Marshall Plant Neighbors Say Coal Ash Is 'High Risk'

David Boraks
Duke Energy's Marshall Steam Station on the northern end of Lake Norman is the state's largest coal ash storage site. Regulators will have to decide whether to let Duke keep the ash where it is, or order it removed.

  More than 150 people showed up at a hearing in Hickory Tuesday night to express concern about the 30 million tons of coal ash stored at Duke Energy’s Marshall Steam Station, on Lake Norman. Thirty-two speakers quoted biblical passages, read poetry and urged state regulators to require Duke to transfer the ash to new, lined landfills, away from the lake.    

It was the last of 14 hearings this month as state environmental regulators consider how and when Duke will have to clean up coal ash stored at its current and former coal-fired plants.

The state Department of Environmental Quality issued draft classifications for the coal ash sites in December. The ratings determine whether Duke must move the ash to new, lined landfills or whether it can leave the ash where it is.

Marshall is the largest coal ash storage site in the state. It’s a big risk if earthen dams around ash basins collapse, Catawba Riverkeeper Sam Perkins said before Tuesday’s hearing. That's what happened at a Tennessee Valley Authority plant in Kingsport, Tenn., in 2008. 

“It is the most upstream of the three in a 29-mile span on the Catawba River. So were it to fail, you would have the most drinking water intakes affected,” he said. “So you’re talking about well more than a million people downstream who would be affected.”

Nearly all the speakers at the hearing wanted regulators to rate Marshall “high risk” - instead of the DEQ's proposed “low to intermediate” classification.    

Steve English of Charlotte urged regulators to think of the future, not in terms of a few decades, but seven generations, as the Iroquois do.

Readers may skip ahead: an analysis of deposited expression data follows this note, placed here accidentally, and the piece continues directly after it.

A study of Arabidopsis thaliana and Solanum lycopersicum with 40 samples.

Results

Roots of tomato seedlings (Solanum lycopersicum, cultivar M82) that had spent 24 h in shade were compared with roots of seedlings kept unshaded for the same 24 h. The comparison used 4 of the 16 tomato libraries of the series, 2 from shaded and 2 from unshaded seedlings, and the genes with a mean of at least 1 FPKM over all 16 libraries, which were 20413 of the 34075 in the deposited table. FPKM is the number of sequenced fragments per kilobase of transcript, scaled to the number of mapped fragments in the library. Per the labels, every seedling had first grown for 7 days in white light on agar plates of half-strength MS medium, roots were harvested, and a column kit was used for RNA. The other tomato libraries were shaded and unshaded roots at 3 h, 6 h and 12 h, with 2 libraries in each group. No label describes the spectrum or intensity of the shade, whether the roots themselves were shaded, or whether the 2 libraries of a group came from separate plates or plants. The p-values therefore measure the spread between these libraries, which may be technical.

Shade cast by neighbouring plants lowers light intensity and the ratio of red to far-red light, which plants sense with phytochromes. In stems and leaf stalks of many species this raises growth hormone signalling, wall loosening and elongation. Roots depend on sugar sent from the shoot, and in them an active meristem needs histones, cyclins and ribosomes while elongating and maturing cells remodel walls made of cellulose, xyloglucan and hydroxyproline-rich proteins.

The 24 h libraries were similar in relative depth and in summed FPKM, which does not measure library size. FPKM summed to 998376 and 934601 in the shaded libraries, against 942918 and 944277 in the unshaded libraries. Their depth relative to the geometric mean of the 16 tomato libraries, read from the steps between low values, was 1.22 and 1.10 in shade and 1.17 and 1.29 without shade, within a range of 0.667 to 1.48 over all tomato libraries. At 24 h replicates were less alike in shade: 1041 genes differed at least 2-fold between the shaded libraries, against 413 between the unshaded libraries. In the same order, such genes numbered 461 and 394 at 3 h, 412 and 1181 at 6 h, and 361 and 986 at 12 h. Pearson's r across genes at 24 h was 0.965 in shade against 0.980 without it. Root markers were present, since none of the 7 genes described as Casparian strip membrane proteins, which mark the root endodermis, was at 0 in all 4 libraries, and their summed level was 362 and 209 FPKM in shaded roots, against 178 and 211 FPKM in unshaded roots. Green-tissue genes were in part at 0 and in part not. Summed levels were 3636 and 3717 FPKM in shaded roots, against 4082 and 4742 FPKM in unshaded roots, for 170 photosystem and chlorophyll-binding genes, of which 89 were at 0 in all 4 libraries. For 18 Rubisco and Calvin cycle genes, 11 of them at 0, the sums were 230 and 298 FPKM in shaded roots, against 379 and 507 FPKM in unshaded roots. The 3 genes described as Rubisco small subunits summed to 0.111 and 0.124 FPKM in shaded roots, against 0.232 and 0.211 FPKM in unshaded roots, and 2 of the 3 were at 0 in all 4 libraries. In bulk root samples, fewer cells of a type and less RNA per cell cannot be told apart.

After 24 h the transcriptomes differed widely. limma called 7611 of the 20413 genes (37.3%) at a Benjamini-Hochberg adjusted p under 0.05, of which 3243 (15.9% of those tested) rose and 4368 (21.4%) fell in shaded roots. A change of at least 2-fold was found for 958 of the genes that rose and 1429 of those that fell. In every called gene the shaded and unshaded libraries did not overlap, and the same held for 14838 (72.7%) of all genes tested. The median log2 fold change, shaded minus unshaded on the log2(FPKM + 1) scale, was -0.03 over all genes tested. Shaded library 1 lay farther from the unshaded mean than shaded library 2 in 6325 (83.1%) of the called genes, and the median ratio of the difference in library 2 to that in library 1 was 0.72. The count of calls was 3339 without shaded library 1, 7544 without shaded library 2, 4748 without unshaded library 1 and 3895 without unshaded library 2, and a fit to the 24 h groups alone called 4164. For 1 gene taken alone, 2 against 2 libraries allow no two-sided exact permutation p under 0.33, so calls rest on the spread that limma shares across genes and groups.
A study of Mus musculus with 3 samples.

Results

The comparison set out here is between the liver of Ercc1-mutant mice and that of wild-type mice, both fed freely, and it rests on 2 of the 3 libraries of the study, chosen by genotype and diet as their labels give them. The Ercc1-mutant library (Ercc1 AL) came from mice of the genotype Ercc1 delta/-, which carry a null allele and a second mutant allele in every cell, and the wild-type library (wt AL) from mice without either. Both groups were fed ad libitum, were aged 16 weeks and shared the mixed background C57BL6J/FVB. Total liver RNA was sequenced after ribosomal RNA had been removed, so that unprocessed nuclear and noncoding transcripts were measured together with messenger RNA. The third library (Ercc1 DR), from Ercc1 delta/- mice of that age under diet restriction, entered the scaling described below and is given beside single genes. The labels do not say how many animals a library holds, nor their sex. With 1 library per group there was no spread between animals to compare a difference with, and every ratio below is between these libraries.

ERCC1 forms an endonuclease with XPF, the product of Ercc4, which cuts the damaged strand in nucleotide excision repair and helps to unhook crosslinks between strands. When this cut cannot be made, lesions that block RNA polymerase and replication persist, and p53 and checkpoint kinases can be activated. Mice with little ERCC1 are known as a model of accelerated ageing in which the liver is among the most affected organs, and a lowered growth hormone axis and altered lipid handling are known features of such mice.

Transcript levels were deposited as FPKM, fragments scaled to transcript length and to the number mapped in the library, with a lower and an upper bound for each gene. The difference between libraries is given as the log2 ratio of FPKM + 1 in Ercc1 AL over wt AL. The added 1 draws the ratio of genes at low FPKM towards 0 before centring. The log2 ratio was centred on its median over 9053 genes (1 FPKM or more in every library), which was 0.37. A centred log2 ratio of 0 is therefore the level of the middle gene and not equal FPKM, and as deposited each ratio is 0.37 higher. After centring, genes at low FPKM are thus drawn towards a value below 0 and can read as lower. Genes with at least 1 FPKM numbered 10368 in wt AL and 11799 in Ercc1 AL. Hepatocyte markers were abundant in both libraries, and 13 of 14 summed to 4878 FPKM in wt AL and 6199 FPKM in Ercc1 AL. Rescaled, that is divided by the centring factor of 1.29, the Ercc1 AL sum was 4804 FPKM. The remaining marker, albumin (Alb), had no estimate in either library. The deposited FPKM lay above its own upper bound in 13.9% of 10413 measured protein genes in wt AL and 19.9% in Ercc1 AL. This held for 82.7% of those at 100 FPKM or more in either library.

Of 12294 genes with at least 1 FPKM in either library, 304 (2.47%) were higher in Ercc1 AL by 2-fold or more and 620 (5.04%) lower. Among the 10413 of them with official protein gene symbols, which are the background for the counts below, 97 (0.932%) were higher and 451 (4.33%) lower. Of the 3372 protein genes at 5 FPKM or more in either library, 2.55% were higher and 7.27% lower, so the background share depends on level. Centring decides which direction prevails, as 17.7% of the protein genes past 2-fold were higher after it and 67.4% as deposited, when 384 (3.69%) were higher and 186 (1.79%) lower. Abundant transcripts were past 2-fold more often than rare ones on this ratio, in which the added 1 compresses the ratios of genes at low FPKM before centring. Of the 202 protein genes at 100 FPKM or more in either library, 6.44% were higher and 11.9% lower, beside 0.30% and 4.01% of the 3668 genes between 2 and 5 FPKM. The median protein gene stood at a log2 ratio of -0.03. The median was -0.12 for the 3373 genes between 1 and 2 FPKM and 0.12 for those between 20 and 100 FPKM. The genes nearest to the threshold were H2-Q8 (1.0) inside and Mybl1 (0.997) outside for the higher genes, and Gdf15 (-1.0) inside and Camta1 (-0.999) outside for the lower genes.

“No people, no animals, no trees, no ecosystems are low priority. Everyone is high priority. And by the same token, this classification needs to immediately be changed to high risk and removed as soon as possible,” English said.

Amelia Burnette, a lawyer with the Southern Environmental Law Center, said Duke developed models to show that leaving the ash in place would be safe.

“But in fact, its own data shows 75 percent of the ash would remain submerged. Twelve million tons of ash would remain in the groundwater,” she said.       

Cliff Moon of Catawba County worried that regulators are relying too heavily on data provided by Duke Energy itself.

“We’re trusting Duke Power to give us the data that is going to determine whether this goes to high or low or intermediate. If that is so, if I’ve got that right, that’s kind of like trusting those folks from the government in Flint, Michigan,” Moon said.

Moon got people chanting “it’s a crime” along with him as he called for removal of Marshall’s coal ash.

“If even one family’s water is contaminated, it’s a crime. If one child ever gets sick because of coal ash contamination, it’s a crime. If our rivers become polluted like they once were before the 1970s, it’s a crime,” he said.  

Duke community relations manager Robin Nicholson was the only speaker last night who didn’t call for the ash to be removed. She said Duke already is beginning to close its coal ash basins, focusing on safety, the environment and managing costs.  

“We continue to build momentum, with ash excavation underway at several sites and comprehensive evaluations of safe closure options at other sites,” Nicholson said.

The DEQ is accepting written comments through April 18th. Final classifications are expected in late May.


State Department of Environmental Quality web page on coal ash site closures, https://deq.nc.gov/news/hot-topics/coal-ash-nc

Draft classifications for Duke's 14 coal ash sites,  http://deq.nc.gov/news/hot-topics/coal-ash-nc/draft-classifications

Duke Energy’s coal ash website, http://www.duke-energy.com/ash-management/

Catawba Riverkeeper Foundation coal ash information page, http://www.catawbariverkeeper.org/issues/coal-ash

David Boraks is a veteran journalist who covers climate change for WFAE. See more at www.wfae.org/climate-news. He also has covered housing and homelessness, energy and the environment, transportation and business.